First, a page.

Many people are already familiar with the prehistoric ferocity of the long-extinct, 60-ton Megalodon shark, but what about the unforgiving bite of the 30-pound, 2½-foot-long Mega-piranha? The Mega-piranha, or Megapiranha paranensis, which lived at the same time as the Megalodon but within the Amazon and Parana basin habitats, was a carnivorous machine weighing about the same amount as an adult Cocker Spaniel, but with a bite force that relative to its size was stronger than that of a Tyrannosaurus rex or Megalodon.
So, what made this Miocene fish’s bite so deadly? And what on Earth could it have been feeding on that would have required it to have such unforgiving chompers? Scientists set out to find the answers to these questions, and in the process they realized the piranhas we know and fear today actually have quite a bit in common with their prehistoric predecessors.
Pound For Pound, Its Bite Was Stronger Than That Of A Gator, A Shark, And Even A T. Rex
When it comes to which creature’s jaw packed the greatest punch, Mega-piranha without a doubt would take the lead. According to studies released in Scientific Reports, the prehistoric flesh-eater could land a bite with well-over 1,000 pounds of force behind it, despite being only 3 to 4 feet long and only weighing upwards of 20 pounds.
Comparatively, a Tyrannosaurus rex’s bite would have had at least 3,000 pounds of force behind it, but it’s important to note that the T. rex would have been an estimated 100 times bigger than the Mega-piranha. This means that, taking into account a ratio of its body size to bite power, the Mega-piranha had a far more powerful jaw at its disposal relative to its size.
Its Bite Force Was Equal To At Least 30 Times Its Weight, Equaling About 1,067 Pounds
Considering its relatively small length of 3 to 4 feet as compared to other aquatic creatures thriving during the Miocene Era, the Mega-piranha apparently had little trouble competing for resources. The fish had a jaw consisting of a single row of serrated teeth accompanied by ultra-powerful adductor mandibulae muscles located just past the eye and jaw on either side of its head and reaching all the way to the very front teeth in the jaw.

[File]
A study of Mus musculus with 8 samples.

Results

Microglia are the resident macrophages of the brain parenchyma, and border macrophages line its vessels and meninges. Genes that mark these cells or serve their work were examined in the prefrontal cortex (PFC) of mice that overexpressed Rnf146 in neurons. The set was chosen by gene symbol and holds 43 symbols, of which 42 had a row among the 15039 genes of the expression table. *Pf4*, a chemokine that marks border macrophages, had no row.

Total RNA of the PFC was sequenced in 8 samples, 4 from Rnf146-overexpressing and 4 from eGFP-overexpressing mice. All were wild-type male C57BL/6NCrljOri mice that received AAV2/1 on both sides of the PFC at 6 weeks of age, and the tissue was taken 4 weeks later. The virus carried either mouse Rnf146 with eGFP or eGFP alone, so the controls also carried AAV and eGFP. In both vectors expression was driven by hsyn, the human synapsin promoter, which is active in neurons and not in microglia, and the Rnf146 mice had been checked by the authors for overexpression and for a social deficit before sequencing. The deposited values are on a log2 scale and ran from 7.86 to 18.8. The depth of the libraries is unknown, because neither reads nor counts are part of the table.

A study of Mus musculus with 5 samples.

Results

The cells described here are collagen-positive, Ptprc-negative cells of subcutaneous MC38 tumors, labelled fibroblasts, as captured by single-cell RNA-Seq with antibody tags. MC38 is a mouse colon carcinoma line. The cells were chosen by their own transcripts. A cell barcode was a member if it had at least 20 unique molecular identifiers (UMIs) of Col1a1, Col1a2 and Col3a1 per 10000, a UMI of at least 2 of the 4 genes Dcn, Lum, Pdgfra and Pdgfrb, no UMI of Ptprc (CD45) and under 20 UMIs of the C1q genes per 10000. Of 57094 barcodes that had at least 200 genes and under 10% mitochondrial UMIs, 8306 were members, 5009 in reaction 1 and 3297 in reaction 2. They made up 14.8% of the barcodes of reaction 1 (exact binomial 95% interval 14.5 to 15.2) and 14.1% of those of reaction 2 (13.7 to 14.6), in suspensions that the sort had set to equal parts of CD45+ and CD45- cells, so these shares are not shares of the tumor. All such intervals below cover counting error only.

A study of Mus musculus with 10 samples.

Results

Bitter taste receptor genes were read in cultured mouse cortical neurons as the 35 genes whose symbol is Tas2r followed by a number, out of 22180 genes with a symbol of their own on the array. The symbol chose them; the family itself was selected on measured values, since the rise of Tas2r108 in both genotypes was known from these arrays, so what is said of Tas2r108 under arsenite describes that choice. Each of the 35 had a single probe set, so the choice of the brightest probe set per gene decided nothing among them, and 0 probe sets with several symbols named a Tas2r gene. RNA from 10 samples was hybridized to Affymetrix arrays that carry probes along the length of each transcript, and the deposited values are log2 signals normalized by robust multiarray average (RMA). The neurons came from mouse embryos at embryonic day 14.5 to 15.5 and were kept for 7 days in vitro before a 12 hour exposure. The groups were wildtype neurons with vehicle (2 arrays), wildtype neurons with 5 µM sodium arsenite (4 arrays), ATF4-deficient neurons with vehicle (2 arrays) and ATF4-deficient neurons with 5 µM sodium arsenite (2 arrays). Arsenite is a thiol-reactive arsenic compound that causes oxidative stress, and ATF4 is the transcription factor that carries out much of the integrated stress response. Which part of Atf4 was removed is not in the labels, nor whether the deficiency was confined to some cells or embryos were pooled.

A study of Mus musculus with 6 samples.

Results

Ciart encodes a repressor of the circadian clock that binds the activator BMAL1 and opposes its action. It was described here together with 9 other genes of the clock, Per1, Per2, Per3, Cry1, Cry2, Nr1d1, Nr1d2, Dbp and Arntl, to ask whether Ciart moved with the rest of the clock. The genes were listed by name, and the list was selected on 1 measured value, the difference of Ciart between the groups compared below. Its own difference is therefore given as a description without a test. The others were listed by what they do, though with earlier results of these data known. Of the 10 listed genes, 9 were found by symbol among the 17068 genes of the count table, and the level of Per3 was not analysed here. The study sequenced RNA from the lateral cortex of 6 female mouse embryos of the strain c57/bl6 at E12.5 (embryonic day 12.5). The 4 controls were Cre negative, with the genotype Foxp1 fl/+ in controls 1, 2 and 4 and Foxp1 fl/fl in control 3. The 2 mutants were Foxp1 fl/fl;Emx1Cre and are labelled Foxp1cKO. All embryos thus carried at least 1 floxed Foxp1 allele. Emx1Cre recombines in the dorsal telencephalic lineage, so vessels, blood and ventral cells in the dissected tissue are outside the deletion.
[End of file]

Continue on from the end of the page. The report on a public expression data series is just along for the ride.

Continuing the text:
This impressive muscular trait is what allowed the Mega-piranha - and its modern relatives - to have a jaw powerful enough to land a bite at least 30 times more powerful than its own body mass. A bite force that powerful is equal to 1,067 pounds of pressure. With that much power and a row of razor-sharp teeth, the Mega-piranha could have easily broken through everything from soft tissue to turtle shells and bones.
It Could Weigh Up To About 20-30 Pounds
Thanks to the discovery of a fragmented piece of a fossilized premaxilla jawbone, scientists were able to identify Megapiranha paranensis as the newest member of the prehistoric piranha family. By taking the jawbone fragment and comparing it to the jaws of modern-day piranhas, scientists were able to reconstruct an approximation of what the Mega-piranha once looked like.
The result was a large, 20- to 30-pound carnivorous fish with sharp teeth that had “serrated cutting edges similar to a shark,” according to an article published by Scientific Reports. But even at 30 pounds, the extinct piranha and its bite was discovered to be far more powerful than expected.
Scientists Still Aren’t Sure Exactly What The Mega-Piranha Ate
When considering exactly why the Mega-piranha evolved to have such a powerful jaw, it is important to look at what their diet may have consisted of in order to necessitate it. According to Stephanie Crofts who studied the relationship for the University of Washington, “The Mega-piranha teeth had the same maximum strength like you saw in regular piranha, but then the patterns of stress distribution within the tooth was also similar to fish able to eat hard-prey.”
It is therefore likely that the Mega-piranha was seeking out particularly large animals. Still, no one knows exactly what their main source of nutrition would have been.